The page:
Getting a traditional publishing offer can be exciting, but not all publishers are equal. Choosing the best publishing company is important for your future career as an author.
This week Romance Writers Association (RWA) put Dreamspinner Press on probation for failing to pay their authors their full royalties for the past two years. Picking the wrong publisher can be a huge financial mistake.
Find the best publishing company:
Research the company
Get a literary agent
Consider your options
One of the first things I suggest everyone does when they are contacted by a publishing company is to check that company is in good standing with the Alliance of Independent Authors (Alli).
This nonprofit association has the most detailed list of publishing companies and author services professionals that I have seen. With a simple search, you may discover that the publishing company who contacted you really makes money when you pay them to advertise your own book. (Ick!)
In order to become a member of the IAA, my company had to go through a four-stage audit. It was an honor to be accepted.
Just because you have already heard of the company, don’t assume that it is a great company to write for. I know an author who turned down a publishing offer with Harlequin because she thought the contract wasn’t fair.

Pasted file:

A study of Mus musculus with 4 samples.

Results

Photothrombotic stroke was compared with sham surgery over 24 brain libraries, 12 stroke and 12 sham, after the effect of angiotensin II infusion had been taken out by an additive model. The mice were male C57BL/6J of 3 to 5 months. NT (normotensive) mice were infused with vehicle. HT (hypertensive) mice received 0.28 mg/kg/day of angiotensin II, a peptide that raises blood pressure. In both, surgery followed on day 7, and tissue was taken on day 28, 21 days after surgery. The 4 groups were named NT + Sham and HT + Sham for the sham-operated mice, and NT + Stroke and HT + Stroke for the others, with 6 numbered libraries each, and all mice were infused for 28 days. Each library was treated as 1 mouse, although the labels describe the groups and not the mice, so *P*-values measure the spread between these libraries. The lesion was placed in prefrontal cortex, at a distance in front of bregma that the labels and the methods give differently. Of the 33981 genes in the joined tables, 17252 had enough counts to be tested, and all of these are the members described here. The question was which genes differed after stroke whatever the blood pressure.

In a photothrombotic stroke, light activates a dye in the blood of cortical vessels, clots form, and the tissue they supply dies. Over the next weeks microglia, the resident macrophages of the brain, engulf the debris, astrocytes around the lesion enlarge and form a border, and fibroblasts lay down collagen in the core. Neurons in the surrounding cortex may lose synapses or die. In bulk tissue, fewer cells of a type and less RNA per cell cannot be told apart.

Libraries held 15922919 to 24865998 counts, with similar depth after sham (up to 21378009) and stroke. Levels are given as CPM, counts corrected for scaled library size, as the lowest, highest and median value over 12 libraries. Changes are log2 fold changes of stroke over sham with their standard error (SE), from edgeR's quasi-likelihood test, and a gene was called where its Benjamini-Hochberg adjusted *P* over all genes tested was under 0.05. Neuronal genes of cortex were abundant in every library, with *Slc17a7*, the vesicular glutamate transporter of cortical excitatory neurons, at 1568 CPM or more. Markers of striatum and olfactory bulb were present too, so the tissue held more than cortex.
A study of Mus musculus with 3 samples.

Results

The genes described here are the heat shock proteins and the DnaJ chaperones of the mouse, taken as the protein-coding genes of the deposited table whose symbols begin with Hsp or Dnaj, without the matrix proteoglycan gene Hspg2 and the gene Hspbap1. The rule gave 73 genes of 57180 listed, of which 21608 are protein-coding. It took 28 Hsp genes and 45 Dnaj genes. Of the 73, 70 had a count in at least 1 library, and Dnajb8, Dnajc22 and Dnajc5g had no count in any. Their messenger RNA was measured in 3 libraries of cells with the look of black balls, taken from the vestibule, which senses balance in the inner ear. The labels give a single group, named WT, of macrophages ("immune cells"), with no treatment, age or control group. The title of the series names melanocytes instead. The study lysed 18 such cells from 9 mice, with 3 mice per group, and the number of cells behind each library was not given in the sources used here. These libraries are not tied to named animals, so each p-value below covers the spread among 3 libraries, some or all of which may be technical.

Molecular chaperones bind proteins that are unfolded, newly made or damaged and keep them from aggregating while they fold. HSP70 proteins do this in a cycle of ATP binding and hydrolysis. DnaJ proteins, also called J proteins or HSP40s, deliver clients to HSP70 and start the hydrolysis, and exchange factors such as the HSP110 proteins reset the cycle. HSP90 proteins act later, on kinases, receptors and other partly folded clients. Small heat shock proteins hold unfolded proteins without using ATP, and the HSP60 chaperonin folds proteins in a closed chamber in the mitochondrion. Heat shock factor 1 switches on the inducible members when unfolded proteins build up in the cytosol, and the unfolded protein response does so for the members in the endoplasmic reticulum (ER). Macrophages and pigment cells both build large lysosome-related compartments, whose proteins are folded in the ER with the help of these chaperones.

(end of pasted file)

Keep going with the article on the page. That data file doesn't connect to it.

Literary agents have even more updated information. Even if you have not found an agent before the offer came in, you should be able to get one now. Literary agents are happy to work with writers who already have publishing offers on the table.
It may seem silly to give up part of your royalties if you think that literary agents only help you get published. Literary agents do a lot more than that. An agent is your advocate with the publisher.
A literary agent will be able to review your publishing contract and make sure that it is fair. She has insider knowledge about how the publishing companies are treating their authors. She will help you negotiate your contract and ask questions you might not think to ask, like how much marketing you are expecting to do and if your travel to reader events will be reimbursed.
I got to see one of my favorite authors, Jane Ann Krantz, in a live video conference last week. She revealed that one of the reasons for her many pen names was that she did not have a literary agent when she started writing professionally. Her very first publisher convinced her to sign away her rights to her own birth name. When she wanted to write for another publishing company, she had to use a new name. Now she uses a literary agent for every deal.
Of course, another option to avoid signing an unfair contract with a traditional publishing company is to choose to self-publish. It’s still a good idea to check out your author service providers to make sure they have a good record.
I hope this information helps you choose the best publishing company for your book. Please feel free to reach out to me with any questions and share this information with other writers who might need it.